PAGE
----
On March 16, Decrypt (a blockchain-based news website) gave a report of her comments.
Szczepanik, who is also referred to as the Crypto Czar, was appointed as the new associate director of the Division of Corporation Finance and senior advisor for Digital Assets and Innovation for Division Director Bill Hinman in June 2018.


Szczepanik in her statement, categorized stablecoins into three. One type is tied to real assets like gold or real estate, while the other type is tied to fiat currency which are held in reserves. The last category makes use of market financial mechanisms to ensure the stability of the price.


Szczepanik, explaining the last kind, said: “I’ve seen stablecoins that purport to control price through some kind of pricing mechanism, whether it’s tied to the issuance, creation or redemption of another type of digital asset tied to it, or whether it is controlled through supply and demand in some way to keep the price within a certain band.”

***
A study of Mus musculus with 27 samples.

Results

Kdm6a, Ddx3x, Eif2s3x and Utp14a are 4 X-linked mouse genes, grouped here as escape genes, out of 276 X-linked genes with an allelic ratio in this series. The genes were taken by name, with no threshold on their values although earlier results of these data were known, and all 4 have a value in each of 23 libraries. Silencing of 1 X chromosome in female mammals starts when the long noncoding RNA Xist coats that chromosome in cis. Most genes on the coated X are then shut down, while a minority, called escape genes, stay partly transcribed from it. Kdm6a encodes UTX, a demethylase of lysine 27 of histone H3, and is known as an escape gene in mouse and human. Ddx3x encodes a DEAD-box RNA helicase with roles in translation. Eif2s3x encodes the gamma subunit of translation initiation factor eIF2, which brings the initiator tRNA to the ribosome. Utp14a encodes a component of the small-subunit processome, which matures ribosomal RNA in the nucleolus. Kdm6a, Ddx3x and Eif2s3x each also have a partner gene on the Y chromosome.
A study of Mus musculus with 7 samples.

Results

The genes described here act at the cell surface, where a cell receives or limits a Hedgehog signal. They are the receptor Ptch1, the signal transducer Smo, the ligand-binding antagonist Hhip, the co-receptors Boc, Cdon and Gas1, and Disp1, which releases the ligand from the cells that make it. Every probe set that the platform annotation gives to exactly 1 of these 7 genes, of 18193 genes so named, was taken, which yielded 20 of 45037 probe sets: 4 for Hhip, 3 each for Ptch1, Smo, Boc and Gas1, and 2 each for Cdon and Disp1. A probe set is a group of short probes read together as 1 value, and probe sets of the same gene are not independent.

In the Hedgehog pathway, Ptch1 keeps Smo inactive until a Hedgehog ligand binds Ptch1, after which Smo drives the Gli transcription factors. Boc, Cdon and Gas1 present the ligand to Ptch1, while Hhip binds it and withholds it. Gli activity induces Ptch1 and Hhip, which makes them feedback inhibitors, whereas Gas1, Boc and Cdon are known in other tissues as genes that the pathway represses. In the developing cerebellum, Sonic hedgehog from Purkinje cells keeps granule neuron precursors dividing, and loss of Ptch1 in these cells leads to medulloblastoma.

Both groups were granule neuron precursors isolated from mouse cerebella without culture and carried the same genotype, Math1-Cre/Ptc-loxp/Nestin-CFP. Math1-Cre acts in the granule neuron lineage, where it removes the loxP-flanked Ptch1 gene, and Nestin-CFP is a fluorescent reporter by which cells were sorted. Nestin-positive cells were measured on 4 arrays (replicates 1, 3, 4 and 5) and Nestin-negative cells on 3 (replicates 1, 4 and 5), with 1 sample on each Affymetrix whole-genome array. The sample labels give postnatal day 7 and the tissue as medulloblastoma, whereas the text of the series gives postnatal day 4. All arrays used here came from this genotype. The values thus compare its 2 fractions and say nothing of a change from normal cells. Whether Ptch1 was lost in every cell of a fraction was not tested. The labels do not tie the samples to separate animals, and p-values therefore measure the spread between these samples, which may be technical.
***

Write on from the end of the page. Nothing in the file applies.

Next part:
Szczepanik also revealed that since fluctuations in price over time are controlled by a central party, the last category of stablecoins “might be getting into the land of securities.”


She also explained that whether assets are tagged as stablecoins or something else, the SEC will always place projects at the same level of scrutiny. Szczepanik noted that: “Not to sound cliche, but we’d much rather people come to us and ask for [permission], or come talk to us before they do something, rather than doing something and then coming in and asking for forgiveness.”


As reported by Cointelegraph in December 2018, Basis (a stablecoin project based in the United States) has officially announced that it will close operations and give investors a refund after they confirmed that they wouldn’t be able to avoid a security classification for their secondary token.


Recently, Jay Clayton (the SEC chairman) seemed to confirm that, under the U.S law, Ethereum and other similar cryptocurrencies are not securities.